August 3, 2011

Google+ has taught me something. I’m too lazy to do this social networking thing. This is a weird revelation for me – seeing as I spend hours online, love sharing things I find and try pretty hard to stay in touch with people. With all the positive commentary I’ve heard about Google+, I (foolishly) expected it to be somehow magical. It wasn’t (my fault – unreasonable expectations).

But here’s the thing. When I first joined, I compared it to my empty apartment. Lots of potential, but at right here/right now, I’m bored to death. I spent some time fixing my profile and putting people into circles. Google gets some credit for giving me an easy way to add all the people I really care about quickly (this should be a given though, since they have access to my email contact list). This all got old pretty quick, since my email also has a lot of people I don’t see any reason to add. Then I actually sat and didn’t know what to do.

Figuring it was just because most people I know aren’t on Google+, I patiently waited. And although the emails began to pop up to tell me I’ve been added to someone’s circle, I still waited. <begin rant> The emails themselves bother me because they give me totally useless information. I don’t want to know that I’ve been added to someone’s circle if you’re not going to tell me what circle it is. And I really don’t want to be added to someone’s circle if I don’t know who they are. Plus, all the adding makes that alert in the top right of my screen appear (and it never goes away!). <end rant>

Thing is, I still don’t know what to do. And it’s because I don’t do anything on Facebook. Except reading my news feed and the occasional profile change. I don’t post pictures. I don’t do status updates. I don’t share links. I don’t do check-ins and reviews. And I rarely send a message (sometimes I chat). I absolutely don’t use apps or play games. For me, Facebook has basically become a gossipy news site about people I know. It might be stupid, but yes, I do want to know who’s married, who has kids, who is working where. I hardly ever contribute, and as of right now, most people I know have not migrated their lives to Google+.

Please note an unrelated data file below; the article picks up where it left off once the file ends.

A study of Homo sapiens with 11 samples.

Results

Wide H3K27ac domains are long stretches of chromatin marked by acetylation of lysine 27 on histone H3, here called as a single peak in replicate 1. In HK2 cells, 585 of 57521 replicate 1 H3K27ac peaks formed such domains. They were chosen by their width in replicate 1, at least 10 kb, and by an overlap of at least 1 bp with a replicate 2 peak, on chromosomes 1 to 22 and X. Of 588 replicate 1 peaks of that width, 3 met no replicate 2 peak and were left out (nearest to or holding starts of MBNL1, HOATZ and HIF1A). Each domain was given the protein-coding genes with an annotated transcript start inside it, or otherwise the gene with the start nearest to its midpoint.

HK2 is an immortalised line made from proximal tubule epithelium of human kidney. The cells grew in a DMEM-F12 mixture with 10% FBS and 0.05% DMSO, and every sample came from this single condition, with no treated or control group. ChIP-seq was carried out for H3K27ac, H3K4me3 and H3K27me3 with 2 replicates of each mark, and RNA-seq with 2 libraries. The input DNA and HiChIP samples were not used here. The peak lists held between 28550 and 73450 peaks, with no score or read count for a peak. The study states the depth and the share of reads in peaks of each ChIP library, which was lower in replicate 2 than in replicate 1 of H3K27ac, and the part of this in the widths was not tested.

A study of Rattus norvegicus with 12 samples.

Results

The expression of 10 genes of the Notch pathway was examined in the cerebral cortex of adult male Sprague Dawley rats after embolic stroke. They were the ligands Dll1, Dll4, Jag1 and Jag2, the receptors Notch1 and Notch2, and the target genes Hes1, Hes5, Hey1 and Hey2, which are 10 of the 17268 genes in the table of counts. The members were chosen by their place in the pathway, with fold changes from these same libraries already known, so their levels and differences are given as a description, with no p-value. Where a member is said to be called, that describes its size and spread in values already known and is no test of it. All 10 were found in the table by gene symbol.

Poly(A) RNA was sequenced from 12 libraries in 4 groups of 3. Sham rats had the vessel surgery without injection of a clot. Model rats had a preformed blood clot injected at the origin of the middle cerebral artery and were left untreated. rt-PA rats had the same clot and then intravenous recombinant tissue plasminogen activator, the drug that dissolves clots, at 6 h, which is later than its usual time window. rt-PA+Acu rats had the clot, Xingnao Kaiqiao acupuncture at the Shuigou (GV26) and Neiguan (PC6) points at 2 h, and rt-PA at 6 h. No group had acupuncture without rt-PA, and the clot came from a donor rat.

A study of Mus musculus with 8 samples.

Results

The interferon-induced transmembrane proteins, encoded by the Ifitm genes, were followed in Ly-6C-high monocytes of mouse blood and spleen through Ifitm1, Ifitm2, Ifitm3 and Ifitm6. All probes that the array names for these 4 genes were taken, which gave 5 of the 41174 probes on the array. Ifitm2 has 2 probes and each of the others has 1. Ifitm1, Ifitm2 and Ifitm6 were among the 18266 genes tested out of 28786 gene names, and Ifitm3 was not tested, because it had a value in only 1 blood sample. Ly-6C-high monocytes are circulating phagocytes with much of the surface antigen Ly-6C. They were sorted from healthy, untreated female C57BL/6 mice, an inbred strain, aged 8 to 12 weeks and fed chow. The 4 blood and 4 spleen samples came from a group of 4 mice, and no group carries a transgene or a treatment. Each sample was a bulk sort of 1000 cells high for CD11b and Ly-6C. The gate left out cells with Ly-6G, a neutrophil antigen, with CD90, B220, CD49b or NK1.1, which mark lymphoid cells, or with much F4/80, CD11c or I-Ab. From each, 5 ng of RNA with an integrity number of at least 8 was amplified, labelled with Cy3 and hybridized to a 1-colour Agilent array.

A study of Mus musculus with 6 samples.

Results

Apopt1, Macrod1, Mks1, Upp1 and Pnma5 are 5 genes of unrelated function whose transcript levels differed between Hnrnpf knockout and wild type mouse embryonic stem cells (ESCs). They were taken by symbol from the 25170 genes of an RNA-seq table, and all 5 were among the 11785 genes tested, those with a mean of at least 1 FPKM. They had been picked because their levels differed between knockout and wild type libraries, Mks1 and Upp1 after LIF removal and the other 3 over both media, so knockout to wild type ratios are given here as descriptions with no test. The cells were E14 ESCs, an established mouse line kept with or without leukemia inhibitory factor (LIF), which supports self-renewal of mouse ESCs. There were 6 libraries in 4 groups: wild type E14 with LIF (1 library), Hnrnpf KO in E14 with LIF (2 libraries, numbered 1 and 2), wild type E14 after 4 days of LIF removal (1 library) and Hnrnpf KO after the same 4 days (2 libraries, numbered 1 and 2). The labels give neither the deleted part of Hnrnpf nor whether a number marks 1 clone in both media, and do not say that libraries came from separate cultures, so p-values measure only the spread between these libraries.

small tangent: I actually tried once to use Google+ or at least what I thought was using it. I +1’d (yikes, that’s unhappy to type) something. I couldn’t figure out what it did – so it essentially did nothing worthwhile. I also thought sharing from Google Reader would automatically add it to my stream (feed, circle, I don’t know what it’s called). It doesn’t and I spent significant time trying to figure that out before I learned that it just doesn’t do that.

Even more strange though, I realized that everything I have and use is public. Twitter, Tumblr, blog – even my Facebook profile has minimal security on it. My friends, my family, my family friends, my co-workers, people who I’ve never met in person, and total strangers – it’s pretty much the same. I have no concept of “circles”. It may be a result of never having that option. But since I don’t feel like something’s missing… In fact, most of the time if I think it’s worth sharing to a few people, I think it’s worth sharing to everyone. Is that weird?

Circles to me is similar to when Facebook added in additional security for profiles. I couldn’t randomly look up people I wanted to know about but didn’t really want to friend. Except circles are sneaky, since I don’t know what circle I’m in. Either way, that extra layer of privacy makes it boring.

One comment

  1. I tried to join, but it wouldn’t let me upload a profile picture, so I gave up and moved on. Brett seems to like it, though. I think that at some point, people have to accept that info you put on the internet is not really that private, so why put in all the effort for imaginary security. For that matter, info that you tell people in person is rarely as private as you think/hope it is either, so you’re saving yourself a lot of stress and drama if you just decide your life is an open book, on and offline.